Agency, Power and Heterarchy in Contempory Archaeology

Agency, Power and Heterarchy in Contempory Archaeology


Bourdieu's theory of practice is again a large influence in A Dual-Processual Theory for the Evolution of Mesoamerican Civilization (Blanton, et. al.).  They focus on process rather than stages or categories to explain variations between social formations and their changes through time.  They advocate a political behavioral theory of social change, seeing two main types of political power strategies accounting for variation among societies of similar complexity and scale; exclusionary (or network) and corporate.  The outcome of exclusionary political behavior is the development of patrimonial rhetoric, emphasizing the control of particular individuals based on kinship (found in the archaeological record by portrayals or reference to particular rulers), and a prestige-goods system, resulting in an "international style" in goods and information crossing sociocultural boundaries.  The corporate strategy signifies collective representations and ritual based on a societies cosmology.

John Douglas questions the reliability of applying the three common models used to analyze exchange in the archaeological record; World Systems Theory, peer polity interaction, and prestige goods economy.  He then explores their expectations and assumptions with data analysis of pre-Paquime mortuary goods from northwest Chihuahua, Mexico.  His comparisons demonstrate inadequacies in all three models, and the author points out that there are many potential explanations for long distance exchanges other than those offered by the three common models in use by archaeologists today.  I agree with his recommendation that we have "a more open-ended approach in which exchange is viewed as a search for power contested both within and between societies."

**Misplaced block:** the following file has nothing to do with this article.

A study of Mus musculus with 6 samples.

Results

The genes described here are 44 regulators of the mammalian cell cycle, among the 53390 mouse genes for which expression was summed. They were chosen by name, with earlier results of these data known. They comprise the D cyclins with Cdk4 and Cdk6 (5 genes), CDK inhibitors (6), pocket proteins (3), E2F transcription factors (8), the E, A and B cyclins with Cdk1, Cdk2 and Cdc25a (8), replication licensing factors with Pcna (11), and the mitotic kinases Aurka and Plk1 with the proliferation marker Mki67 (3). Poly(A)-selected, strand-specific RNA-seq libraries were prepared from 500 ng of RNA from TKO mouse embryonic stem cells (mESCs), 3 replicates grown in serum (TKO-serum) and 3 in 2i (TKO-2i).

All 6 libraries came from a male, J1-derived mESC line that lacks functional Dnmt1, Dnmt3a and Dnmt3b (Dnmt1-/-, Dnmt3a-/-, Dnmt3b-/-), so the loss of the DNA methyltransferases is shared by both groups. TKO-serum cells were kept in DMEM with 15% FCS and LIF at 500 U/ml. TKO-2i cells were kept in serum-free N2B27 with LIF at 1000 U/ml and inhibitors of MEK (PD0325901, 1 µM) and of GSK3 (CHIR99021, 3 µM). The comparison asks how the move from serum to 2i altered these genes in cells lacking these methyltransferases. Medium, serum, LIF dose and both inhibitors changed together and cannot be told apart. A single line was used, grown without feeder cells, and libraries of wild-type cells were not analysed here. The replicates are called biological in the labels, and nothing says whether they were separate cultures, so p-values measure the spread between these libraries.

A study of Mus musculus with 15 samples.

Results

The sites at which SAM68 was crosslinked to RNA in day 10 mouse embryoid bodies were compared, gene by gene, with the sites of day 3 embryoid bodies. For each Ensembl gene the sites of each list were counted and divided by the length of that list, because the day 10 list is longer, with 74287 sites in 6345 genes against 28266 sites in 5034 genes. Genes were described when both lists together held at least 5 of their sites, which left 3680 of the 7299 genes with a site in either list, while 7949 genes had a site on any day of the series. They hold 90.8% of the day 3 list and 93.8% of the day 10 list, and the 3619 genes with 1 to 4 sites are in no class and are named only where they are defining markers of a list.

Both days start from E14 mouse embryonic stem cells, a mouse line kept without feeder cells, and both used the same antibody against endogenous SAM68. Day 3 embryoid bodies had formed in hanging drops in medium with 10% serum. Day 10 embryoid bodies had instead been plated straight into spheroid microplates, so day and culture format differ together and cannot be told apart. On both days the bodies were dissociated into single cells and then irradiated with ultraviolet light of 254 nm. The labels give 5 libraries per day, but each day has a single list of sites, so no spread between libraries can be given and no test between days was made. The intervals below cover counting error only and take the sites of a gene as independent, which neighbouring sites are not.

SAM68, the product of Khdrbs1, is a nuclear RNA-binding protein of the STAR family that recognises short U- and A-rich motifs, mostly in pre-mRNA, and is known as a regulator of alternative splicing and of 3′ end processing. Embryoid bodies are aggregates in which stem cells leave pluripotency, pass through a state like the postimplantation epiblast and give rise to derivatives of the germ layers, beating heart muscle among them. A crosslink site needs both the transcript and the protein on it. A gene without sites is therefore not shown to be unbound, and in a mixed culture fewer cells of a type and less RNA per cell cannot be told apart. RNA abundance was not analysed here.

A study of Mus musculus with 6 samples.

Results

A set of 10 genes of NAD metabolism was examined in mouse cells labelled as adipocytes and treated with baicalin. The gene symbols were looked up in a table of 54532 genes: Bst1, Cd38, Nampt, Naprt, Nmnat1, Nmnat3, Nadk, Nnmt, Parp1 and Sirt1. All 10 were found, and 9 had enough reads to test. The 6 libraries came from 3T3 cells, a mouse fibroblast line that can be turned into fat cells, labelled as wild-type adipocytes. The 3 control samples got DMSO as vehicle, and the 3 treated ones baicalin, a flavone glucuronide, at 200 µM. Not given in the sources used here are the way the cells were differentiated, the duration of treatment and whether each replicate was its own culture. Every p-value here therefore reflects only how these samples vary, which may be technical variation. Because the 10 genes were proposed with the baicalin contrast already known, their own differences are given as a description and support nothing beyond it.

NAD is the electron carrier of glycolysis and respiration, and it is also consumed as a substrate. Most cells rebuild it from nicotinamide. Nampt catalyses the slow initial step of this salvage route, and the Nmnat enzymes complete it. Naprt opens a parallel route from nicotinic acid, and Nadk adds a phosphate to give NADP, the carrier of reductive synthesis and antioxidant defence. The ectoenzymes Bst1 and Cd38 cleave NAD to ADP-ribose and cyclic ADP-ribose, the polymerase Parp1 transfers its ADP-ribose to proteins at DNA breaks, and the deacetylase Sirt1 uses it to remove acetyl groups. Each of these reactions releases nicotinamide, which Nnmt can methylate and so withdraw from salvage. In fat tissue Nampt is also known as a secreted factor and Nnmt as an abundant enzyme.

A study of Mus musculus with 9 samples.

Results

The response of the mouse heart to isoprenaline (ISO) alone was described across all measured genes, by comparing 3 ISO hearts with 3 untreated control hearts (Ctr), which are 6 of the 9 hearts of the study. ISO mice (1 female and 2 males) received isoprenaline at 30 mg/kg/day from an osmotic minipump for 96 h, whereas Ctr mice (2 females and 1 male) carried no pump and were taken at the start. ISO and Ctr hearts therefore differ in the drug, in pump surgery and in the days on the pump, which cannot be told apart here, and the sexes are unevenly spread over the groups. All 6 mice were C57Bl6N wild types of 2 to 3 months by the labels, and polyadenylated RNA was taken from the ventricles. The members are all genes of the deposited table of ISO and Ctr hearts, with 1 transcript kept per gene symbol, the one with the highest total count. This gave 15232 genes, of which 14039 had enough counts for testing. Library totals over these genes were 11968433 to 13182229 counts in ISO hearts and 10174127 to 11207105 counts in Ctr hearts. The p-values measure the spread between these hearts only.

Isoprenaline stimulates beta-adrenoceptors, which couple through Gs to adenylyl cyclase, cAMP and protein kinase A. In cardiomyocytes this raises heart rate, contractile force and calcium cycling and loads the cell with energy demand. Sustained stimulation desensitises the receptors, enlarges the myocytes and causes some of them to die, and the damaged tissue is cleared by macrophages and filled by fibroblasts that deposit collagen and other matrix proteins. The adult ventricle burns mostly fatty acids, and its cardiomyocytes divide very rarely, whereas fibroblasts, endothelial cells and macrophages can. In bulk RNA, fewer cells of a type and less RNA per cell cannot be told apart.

Tammy Stone offers another non-linear perspective of studying non-state agrarian societies in her examination of the Zuni region of the American Southwest using changes in architecture and ceramics.  She uses chaos theory to explain extensive and rapid sociopolitical, economic and ritual change (dissipative structures) in her case study.


These authors have shown innovation in interpreting the archaeological record, and should be applauded for the advances they are making in social archaeology by developing expanded theories capable of addressing specific social practices.